Trader Alessio Rastani was interviewed on BBC News recently. He was frank. Honest. Too honest?
And the truth was ugly. “I go to bed every night and I dream of a recession.” He wants it. Have a watch.
How do you feel now? Scared? Angry? Grateful to him for his transparency?
Reaction has fallen into two categories: Horror at the naked single-minded greed. And suspicion that the guy is a hoaxer – because surely no real trader would be so foolish to speak with such candour and perhaps it would be comforting to have a fig leaf behind which to hide the truth.
What do you think? Calm down. Don’t punch your computer screen.
Which camp do you fall into? Horrified? Or suspicious?
Apparently it is definitely not a hoax. There were suspicions that the interviewee belonged to the Yes Men pranksters. And there has been mixed panic and delight within the BBC since the broadcast. Fear that another broadcast has not been what it purported to be – and delight that another department could have cocked up so royally.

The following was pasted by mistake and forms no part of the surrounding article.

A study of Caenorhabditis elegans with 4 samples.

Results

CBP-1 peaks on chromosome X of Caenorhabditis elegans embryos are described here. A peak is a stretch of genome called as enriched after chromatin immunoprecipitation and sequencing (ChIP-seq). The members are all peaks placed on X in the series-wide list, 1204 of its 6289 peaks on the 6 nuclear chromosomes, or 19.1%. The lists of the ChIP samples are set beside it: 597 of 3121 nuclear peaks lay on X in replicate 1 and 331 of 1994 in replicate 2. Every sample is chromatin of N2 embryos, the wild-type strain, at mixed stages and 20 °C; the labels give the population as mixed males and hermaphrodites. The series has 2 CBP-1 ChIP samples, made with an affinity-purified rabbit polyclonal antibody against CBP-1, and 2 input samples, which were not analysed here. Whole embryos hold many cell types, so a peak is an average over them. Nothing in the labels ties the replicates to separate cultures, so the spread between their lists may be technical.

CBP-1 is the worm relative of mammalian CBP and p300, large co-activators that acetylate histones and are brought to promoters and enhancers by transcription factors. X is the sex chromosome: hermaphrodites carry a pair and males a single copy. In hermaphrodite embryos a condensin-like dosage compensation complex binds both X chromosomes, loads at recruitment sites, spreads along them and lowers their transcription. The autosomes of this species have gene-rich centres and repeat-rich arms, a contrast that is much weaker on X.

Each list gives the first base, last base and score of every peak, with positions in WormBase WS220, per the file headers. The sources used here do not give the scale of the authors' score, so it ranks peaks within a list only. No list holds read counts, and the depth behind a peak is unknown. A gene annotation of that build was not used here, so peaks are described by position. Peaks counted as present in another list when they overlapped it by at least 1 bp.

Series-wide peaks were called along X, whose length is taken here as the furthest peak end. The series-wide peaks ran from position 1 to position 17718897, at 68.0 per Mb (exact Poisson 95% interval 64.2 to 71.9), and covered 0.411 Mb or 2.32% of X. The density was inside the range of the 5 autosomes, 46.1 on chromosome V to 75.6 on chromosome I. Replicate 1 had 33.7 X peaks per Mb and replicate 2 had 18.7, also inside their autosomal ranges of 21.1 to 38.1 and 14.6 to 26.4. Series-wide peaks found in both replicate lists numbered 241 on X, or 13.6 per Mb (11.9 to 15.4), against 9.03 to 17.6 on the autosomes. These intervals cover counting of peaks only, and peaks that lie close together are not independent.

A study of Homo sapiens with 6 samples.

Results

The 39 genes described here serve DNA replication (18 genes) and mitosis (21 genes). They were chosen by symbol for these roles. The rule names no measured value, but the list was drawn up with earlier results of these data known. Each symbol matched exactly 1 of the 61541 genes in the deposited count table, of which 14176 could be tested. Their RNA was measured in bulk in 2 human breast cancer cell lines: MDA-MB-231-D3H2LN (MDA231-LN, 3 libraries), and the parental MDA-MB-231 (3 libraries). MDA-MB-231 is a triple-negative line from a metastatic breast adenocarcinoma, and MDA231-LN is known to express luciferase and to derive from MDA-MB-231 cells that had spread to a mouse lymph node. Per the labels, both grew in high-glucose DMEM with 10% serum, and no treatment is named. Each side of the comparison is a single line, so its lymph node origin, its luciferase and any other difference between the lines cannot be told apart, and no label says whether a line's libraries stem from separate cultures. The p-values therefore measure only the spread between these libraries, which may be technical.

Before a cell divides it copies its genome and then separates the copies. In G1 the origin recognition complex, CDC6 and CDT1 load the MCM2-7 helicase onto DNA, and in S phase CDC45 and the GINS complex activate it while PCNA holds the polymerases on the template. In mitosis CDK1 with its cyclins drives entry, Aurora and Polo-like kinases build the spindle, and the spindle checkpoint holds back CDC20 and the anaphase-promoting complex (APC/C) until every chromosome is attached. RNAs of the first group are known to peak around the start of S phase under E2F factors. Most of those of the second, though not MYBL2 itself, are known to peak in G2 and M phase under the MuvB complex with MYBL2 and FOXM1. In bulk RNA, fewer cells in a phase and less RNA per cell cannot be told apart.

The old phrase comes to mind. It’s not enough that you succeed, but that your friends fail. It’s not my approach to life. But I’d be lying if I denied encountering it. And I’ll admit to enjoying the time an applicant for a cleaning job (the decent and resilient Guy Goma) for whom English was not his first language was mistakenly interviewed on live TV as an expert on information technology. (See clip. Hee hee. His face at the start when he’s introduced with the wrong name on live TV. Classic.)
But more seriously. There’s no point presuming that guys like Alessio Rastani will act against their own interests for the more general good. And that applies to most of us the rest of us too when it comes to doing what is right and what is convenient. But there’s also no point in surrendering policy making to the financiers on the assumption that they’ll have social good as their prime consideration.